In a world where the average person receives 121 daily emails, seemingly endless hours of video are available at the click of a button and instant gratification rules the day, it’s becoming increasingly important to develop packaging to capture a consumer’s attention as quickly as possible. In fact, Vicki Strull, a design strategist and brand visionary, says that with so many outside influences, a brand has approximately eight seconds to attract a consumer before their attention focuses elsewhere.
On Tuesday, Nov. 6, Strull presented a keynote address at the fourth annual Digital Packaging Summit, in which she explained just how important innovative packaging is for brands and how digital printing fits into that equation. The first step along the way, she said, is to change the conversation from one of price to one of value.
Strull explained that by shifting the conversation to value, it immediately demonstrates that the packaging supplier is seeking a long-term relationship with a customer. By taking this approach, Strull said, the printer becomes a resource for packaging designers to help them create innovative packaging using the latest available technologies.
“To become an indispensable resource, you have all this knowledge to impart upon the designers, and you become their mentor,” Strull said. “Designers are trained in the aesthetics of what things look like and they can’t keep up with — and we can’t expect them to keep up with — all the print innovations that are out there.”
With digital printing, Strull explained that one way to introduce high-value packaging is through versioning — a packaging strategy that is better suited for digital, rather than the mass-production capabilities of conventional printing technologies.
Strull explained that part of what makes versioning such an intriguing packaging innovation is that there are several ways it can be applied, each with a different impact on the consumer. For example, randomized versioning is geared toward increasing consumer engagement by increasing interest in the product through several different packaging designs.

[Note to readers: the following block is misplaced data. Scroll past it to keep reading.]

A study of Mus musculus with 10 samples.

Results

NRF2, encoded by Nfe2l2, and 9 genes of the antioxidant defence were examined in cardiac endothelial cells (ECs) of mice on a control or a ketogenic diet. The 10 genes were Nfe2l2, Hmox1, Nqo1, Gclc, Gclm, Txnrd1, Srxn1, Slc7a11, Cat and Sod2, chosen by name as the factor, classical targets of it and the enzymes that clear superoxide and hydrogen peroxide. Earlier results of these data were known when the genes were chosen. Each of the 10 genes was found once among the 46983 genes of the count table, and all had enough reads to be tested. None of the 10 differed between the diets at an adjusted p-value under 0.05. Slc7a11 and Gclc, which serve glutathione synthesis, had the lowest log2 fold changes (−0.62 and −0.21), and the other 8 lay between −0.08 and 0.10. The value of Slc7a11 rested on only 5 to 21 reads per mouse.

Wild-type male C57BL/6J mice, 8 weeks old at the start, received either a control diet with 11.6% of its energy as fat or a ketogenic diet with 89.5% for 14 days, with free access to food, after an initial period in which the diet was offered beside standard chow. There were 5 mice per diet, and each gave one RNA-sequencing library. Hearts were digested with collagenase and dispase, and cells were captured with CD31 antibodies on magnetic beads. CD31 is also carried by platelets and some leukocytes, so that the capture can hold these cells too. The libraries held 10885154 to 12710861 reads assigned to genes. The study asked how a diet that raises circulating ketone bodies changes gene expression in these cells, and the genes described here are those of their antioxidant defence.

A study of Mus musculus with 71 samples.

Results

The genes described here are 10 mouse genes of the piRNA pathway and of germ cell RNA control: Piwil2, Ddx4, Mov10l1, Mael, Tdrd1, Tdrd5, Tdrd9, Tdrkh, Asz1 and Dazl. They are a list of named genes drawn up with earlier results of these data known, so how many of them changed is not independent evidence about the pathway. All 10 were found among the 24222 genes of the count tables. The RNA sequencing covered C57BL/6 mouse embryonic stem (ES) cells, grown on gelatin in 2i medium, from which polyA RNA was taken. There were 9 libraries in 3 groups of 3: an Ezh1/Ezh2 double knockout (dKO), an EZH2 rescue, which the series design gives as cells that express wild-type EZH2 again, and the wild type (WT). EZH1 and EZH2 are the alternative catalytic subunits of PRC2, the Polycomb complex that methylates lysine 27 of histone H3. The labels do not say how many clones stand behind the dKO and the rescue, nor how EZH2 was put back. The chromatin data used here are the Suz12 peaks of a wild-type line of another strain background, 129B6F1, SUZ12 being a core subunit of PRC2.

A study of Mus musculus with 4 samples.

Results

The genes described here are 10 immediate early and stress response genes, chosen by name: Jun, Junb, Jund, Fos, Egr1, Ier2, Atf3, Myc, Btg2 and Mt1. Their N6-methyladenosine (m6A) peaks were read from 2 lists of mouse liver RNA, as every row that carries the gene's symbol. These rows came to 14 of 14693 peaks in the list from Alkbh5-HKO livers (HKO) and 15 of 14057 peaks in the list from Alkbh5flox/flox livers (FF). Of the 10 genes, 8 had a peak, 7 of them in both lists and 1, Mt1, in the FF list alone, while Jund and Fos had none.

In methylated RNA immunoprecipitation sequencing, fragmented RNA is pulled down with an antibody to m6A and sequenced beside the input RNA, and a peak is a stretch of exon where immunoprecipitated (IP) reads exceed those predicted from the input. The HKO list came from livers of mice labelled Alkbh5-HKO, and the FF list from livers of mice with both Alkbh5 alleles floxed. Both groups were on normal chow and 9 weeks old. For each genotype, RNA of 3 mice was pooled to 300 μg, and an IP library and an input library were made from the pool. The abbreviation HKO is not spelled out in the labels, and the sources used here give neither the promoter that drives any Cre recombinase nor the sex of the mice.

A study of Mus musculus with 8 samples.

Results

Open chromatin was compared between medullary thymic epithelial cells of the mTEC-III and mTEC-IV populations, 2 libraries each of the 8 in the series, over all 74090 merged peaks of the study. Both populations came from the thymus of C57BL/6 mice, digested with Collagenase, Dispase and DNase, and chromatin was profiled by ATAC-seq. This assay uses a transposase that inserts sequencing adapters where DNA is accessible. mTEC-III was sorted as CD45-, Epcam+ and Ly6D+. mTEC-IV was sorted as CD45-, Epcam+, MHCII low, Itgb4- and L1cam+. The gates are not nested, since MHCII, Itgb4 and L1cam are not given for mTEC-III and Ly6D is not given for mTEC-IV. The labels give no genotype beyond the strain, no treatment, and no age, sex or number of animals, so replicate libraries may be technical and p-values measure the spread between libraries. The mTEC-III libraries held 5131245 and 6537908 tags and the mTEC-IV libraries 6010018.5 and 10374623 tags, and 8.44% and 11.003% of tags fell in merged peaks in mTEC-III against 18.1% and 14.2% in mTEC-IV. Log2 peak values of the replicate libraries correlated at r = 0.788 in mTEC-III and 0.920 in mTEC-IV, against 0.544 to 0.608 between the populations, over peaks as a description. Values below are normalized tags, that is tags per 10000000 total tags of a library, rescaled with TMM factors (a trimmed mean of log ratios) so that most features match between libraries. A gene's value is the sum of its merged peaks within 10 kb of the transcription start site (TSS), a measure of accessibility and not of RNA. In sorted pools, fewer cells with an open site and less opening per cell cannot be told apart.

Meanwhile, affinity versioning can connect a product to a community of consumers. Examples of this could include a regional packaging campaign that includes a local sports team logo. Strull offered a specific example of affinity versioning in a package design she assisted with, in which a dietary supplement brand utilized labels that featured athletes performing in various sports. Previously, the brand had focused on weightlifting, but by featuring labels with various types of athletes, a wider audience would recognize the product was geared toward them as well.
Strull explained that versioning can also lead to a two-way conversation between the brand and consumer through customized packaging, though she noted there are not many examples of this on the market just yet. In customized versioning, the consumer would dictate specific details of a package designed just for him or her.
While versioning provides a good opportunity to increase the value of the physical aspect of packaging, Strull explained using packaging as a bridge to the digital world can be a highly disruptive strategy with a great deal of potential for brands. She outlined an example of a sunscreen package that, through a digital engagement feature, would send a reminder to a consumer’s phone to reapply the product after a certain amount of time. The reminder served as both a way for the consumer to avoid getting sunburned, but also as motivation to use more of the product, thereby driving repeat sales.
“Packaging is a static touch point,” Strull said. “It’s there. It’s physical. Then you’ve got all these digital touch points. When you connect physical touch points to digital touch points, your conversion goes up 28% because we live in a digital world.”
Beyond helping designers understand what can be accomplished with packaging innovation, Strull explained it’s also important to help designers learn how to express the advantages of these innovations through their impacts on top line sales and bottom line costs. This is because at the C-level, Strull explained, conversations tend to be financial in nature.
In regard to sales, she said that 64% of consumers say a positive experience has the biggest impact on their brand loyalty. Through packaging innovations like versioning, smart packaging, tactile effects and embellishments, consumers become more engaged with and loyal to the brand, thereby increasing sales. Regarding bottom line costs, Strull said that with digital printing, concerns over inventory, brand protection and speed to market can be reduced.
With all of this innovation and new technology impacting a variety of industries, Strull explained there has been a paradigm shift from “the big eating the small” to “the fast eating the slow.” This shift has become evident in the brand landscape with the emergence of agile brands, which are disruptive, embrace innovation and are quick to respond to market trends, competing with brands of scale — the larger, established brands that often have a global reach developed over many years. Package printers, however, now have the tools at their disposal to be the “fire” that provides brands the best of both worlds, she said.
“You can take what’s so very solid and so very static and make it agile,” Strull said. “You’ve [also] got the experience to take someone who is so very agile and knows how to be responsive, but if they want to get something out and do something in mass production, you have that too.”